My regularly scheduled writing this week was interrupted by a weekend trip to Harrodsburg, Kentucky for a gorgeous fall wedding. Dazzling foliage, model Hilfiger-esque children scampering about in warm layers, pumpkin muffins, and charming lawn games like croquet and horseshoes -- you get the picture. The groom (now husband) is my boyfriend's college buddy, and we had the unexpected fortune to run into the newlyweds in Queenstown, New Zealand earlier this year while on vacation.
After an 8-hour drive from Chicago, we welcomed the generous flow of bourbon served at the historic Woodford Reserve. Following a tour and raucous cocktail reception there, we then checked into the idyllic Shaker Village inn, the former enclave of a religious sect known for, well, shaking during ecstatic bouts of worship and their strict vows of celibacy (didn't help membership numbers much). The village features a cluster of 19th century cottages with tidy and rustic decor, public buildings such as an art gallery, and animals trundling over the rolling hills.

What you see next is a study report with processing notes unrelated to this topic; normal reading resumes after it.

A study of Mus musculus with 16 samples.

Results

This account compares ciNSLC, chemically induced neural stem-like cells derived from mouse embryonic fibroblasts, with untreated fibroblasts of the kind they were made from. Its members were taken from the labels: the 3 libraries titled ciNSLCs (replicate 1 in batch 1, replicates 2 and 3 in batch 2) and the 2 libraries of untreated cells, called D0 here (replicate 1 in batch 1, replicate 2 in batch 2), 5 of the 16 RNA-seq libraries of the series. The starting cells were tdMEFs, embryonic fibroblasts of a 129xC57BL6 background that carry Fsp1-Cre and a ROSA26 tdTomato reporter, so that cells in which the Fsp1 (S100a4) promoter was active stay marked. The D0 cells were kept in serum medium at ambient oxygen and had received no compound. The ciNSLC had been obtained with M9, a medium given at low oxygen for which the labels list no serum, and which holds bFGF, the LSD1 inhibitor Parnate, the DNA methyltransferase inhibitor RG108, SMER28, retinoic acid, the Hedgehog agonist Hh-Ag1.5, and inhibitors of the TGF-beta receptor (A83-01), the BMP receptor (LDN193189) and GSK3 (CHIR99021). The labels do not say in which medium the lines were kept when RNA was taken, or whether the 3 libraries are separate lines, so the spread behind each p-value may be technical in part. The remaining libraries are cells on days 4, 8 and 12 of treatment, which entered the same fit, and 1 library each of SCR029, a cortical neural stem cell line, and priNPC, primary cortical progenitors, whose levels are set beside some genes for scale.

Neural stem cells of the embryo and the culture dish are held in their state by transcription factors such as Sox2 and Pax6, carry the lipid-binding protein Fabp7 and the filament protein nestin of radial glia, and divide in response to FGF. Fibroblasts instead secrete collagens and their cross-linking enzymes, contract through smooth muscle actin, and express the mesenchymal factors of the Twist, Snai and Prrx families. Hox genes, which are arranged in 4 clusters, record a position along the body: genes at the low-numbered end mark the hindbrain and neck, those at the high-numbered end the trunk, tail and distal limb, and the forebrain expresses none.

Having traveled through about 40 states in the US of A, I am always bowled over by the hospitality of Southerners. People from the midwest are friendly and genuine, but the level of service and unabashed attempts to make you dance, feel welcome and right at home can't be beat in the south. Where do they go for training to disarm the brusque and paranoid attitudes we city-slickers show up with?
Although not specifically art-related, my interactions this weekend made me think about the social functions and effects of art. Art is almost always an invitation, and the degree of hospitality dispensed from the artist varies with every decision: the opaqueness of subject matter, the level of risk involved for the viewer, how it's installed, and the amount of information provided. My most difficult performance piece to date, 24 Hour Embrace, began as a literal invitation to a stranger on Craigslist to hold me for an entire day to experience an intense kind of intimacy together.
While speaking to people from different walks of life this weekend, I was moved by the stories they shared that created an instant bond. One woman in particular approached me to ask about my boyfriend and I, the only visibly gay male couple in attendance for the traditional service. It turns out that she and her partner (also female) met over 14 years ago and were brought together by tragedy, but have persevered through very difficult circumstances and judgmental loved ones. I admire her openness in seeking me out and wanting to connect through similar experiences. There is something about her very simple gesture that is often missing in art -- a generosity on the part of the artist, open communication, and a willingness to be vulnerable rather than mysterious.